I love all the things you can do with raw cream! I started making butter about 3 years ago. It is like second nature to me now. I make it once a week. If it starts to build up, I use it to trade for eggs, babysitting, etc. If you don't have access to a lot of cream and you are getting raw milk. You can start a freezer jar of cream. Add a scoop of raw cream off the top of your milk into the jar and let it accumulate until you have a one or two quarts. Just keep adding it to the top of the cream jar you keep in the freezer. Eventually you'll have enough to make butter.
I've got a simplified process that really really works for me, so I thought I'd share it with you. I use raw cream (your body can digest it much easier when it is raw, leading to less fat storage in your body), but you can also use this same process with pasturized cream. The first thing I do is put no more than 2 quarts of cream at a time in my KitchenAid (I have a Professional 6), wrap the guard with a towel to prevent splattering, put it on the 6 speed setting, and beat it with the paddle you would use for making cookie dough. Depending on what the cow has been eating will determine how long it takes for the butter to separate. Sometimes it can take 45 minutes, other times 15 minutes. I always make sure the cream is at room temperature because it speeds up the separating process. When using a mixer to separate the butter from the buttermilk, really watch it at the end, because the buttermilk will splash all over the place. I ruined a radio that was sitting next to my KitchenAid. It got doused with buttermilk. Not good! Drain the buttermilk into a glass jar (I'll let you know what to do with that in a future post). Leaving the butter in the KitchenAid bowl, rinse and knead until the water is clear, then knead as much of the clear water out as possible. This prevents the butter from getting a sour taste over time. (Note: when cows are eating green grass, the butter is extremely soft. I put the butter into the fridge for 10 or 15 minutes to get it hard enough to knead. When the cows are eating dry feed, the butter is firm even at room temperature). If you are going to salt the butter, add a tsp of sea salt to approximately a pound of butter (I use fine Celtic Sea Salt). Knead it in well.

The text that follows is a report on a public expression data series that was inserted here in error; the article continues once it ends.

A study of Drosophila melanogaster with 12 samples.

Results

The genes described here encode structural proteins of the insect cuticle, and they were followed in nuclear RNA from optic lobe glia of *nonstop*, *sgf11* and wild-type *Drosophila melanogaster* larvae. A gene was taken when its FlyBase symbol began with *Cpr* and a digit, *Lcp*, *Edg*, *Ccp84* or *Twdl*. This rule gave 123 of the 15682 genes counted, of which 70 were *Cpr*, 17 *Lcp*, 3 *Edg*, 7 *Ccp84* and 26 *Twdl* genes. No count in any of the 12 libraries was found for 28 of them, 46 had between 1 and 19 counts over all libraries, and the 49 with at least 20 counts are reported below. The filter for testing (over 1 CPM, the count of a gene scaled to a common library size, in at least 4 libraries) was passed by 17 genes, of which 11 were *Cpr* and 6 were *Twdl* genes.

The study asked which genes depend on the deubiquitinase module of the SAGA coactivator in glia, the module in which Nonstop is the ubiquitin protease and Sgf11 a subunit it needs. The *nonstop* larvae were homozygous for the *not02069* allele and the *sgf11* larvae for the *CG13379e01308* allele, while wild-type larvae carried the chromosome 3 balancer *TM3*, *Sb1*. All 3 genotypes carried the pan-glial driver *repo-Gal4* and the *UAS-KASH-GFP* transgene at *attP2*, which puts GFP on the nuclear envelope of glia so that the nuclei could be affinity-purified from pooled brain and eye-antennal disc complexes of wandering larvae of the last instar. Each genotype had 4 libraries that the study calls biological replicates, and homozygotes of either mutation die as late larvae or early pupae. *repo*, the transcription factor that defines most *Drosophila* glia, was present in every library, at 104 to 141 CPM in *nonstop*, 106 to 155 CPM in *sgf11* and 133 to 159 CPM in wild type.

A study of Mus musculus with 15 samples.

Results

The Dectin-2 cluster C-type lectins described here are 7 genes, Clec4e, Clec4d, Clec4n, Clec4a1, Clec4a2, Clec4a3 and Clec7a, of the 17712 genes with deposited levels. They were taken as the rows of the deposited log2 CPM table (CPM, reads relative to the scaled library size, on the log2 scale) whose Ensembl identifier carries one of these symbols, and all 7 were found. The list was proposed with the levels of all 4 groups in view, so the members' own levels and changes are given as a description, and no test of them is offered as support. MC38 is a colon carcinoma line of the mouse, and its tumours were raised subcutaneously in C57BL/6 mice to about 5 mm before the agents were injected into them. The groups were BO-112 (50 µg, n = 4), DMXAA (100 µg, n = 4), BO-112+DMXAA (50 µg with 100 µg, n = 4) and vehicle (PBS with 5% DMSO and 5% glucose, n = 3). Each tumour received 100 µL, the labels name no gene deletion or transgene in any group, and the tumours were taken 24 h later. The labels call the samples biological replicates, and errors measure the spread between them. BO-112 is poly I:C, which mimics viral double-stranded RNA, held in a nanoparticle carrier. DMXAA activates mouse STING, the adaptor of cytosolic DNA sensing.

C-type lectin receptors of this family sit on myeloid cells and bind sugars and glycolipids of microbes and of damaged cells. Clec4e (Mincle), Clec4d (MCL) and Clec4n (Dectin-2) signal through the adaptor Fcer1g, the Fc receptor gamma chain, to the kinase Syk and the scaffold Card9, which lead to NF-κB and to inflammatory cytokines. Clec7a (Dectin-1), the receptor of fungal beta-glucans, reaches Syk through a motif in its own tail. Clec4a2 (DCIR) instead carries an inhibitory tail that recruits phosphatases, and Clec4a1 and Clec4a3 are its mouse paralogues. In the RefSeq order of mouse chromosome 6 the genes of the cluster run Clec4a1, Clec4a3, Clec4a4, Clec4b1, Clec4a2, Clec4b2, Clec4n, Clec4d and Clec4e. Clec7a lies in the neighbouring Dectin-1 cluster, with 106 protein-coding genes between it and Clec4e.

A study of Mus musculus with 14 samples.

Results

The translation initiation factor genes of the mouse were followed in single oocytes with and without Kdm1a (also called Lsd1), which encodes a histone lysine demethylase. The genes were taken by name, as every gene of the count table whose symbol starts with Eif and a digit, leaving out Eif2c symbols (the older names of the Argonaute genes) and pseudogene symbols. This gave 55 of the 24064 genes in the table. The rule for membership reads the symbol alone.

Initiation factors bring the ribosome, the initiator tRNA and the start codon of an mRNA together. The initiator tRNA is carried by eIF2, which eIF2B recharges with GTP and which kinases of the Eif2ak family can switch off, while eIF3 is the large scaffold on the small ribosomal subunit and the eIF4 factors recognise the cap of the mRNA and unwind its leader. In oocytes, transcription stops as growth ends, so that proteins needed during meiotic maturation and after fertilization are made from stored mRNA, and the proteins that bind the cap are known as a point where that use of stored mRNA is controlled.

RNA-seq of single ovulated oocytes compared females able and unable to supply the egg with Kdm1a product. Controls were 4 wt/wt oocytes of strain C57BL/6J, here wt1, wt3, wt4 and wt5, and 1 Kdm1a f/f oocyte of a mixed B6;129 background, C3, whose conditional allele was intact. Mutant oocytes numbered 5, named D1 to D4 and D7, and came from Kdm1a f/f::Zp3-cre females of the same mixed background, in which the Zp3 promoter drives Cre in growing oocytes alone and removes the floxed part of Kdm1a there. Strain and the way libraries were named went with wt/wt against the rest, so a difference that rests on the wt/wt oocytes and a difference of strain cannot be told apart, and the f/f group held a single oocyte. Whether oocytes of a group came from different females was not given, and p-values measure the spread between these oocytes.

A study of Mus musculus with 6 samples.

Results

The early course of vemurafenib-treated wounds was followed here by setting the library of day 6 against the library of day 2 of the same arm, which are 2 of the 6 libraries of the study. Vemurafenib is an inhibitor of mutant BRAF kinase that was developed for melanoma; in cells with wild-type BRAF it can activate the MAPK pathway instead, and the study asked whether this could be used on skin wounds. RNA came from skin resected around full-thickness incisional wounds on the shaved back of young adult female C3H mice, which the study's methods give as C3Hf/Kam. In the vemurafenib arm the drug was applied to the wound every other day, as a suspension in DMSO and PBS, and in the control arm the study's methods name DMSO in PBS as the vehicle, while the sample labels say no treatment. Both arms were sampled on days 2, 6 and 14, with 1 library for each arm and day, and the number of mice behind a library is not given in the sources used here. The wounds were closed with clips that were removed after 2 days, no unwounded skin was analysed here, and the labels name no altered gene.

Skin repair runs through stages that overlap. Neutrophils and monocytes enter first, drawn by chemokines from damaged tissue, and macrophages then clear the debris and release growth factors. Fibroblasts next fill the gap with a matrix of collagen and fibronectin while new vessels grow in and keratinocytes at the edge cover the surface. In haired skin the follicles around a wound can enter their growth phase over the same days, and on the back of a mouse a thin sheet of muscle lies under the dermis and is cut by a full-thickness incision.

Here is another tip I got from the comment section I got from Mrs. Yoder that I'm going to try:
Thought I'd share a little tidbit that cuts down on butter washing time: after you drain off the buttermilk, put the butter in the blender with icy cold water (maybe a chunk or two of ice and some room temp water, or just cold water) and blend for about 30 seconds. Drain, add more water, repeat. Do this about 2-4 times and your butter is cleaner than anything else you can do to it and lasts forever since the buttermilk is all out. This method takes about 2 minutes versus 10-20 minutes of working if not longer. I sort of feel like I'm cheating, but then I see the results and I don't feel so bad!
You don't have to do this step, but I like to put my butter into a butter mold. It makes it easy to measure for recipes. My husband made me this one pound mold. It isn't fancy, but it works. I just pack the butter into the mold, smoothing down the top (my daughter eats any leftovers).On a piece of unbleached parchment paper big enough to wrap my 1 lb of butter, I flip the mold over and push the loose piece of wood out of the mold. The outside of the mold will be removed, so now all you need to do is slide a knife between the loose piece of wood and the butter to separate.Wrap your butter in the parchment paper, date and freeze if you aren't going to use it right away. Again, you don't need a mold, I just find it easier for measuring butter for recipes. You can shape butter anyway you'd like. I'll let you know what to do with the raw buttermilk soon, then we'll use that to make sour cream. So stay tuned...
If you have any questions, please leave a comment. Have a great day!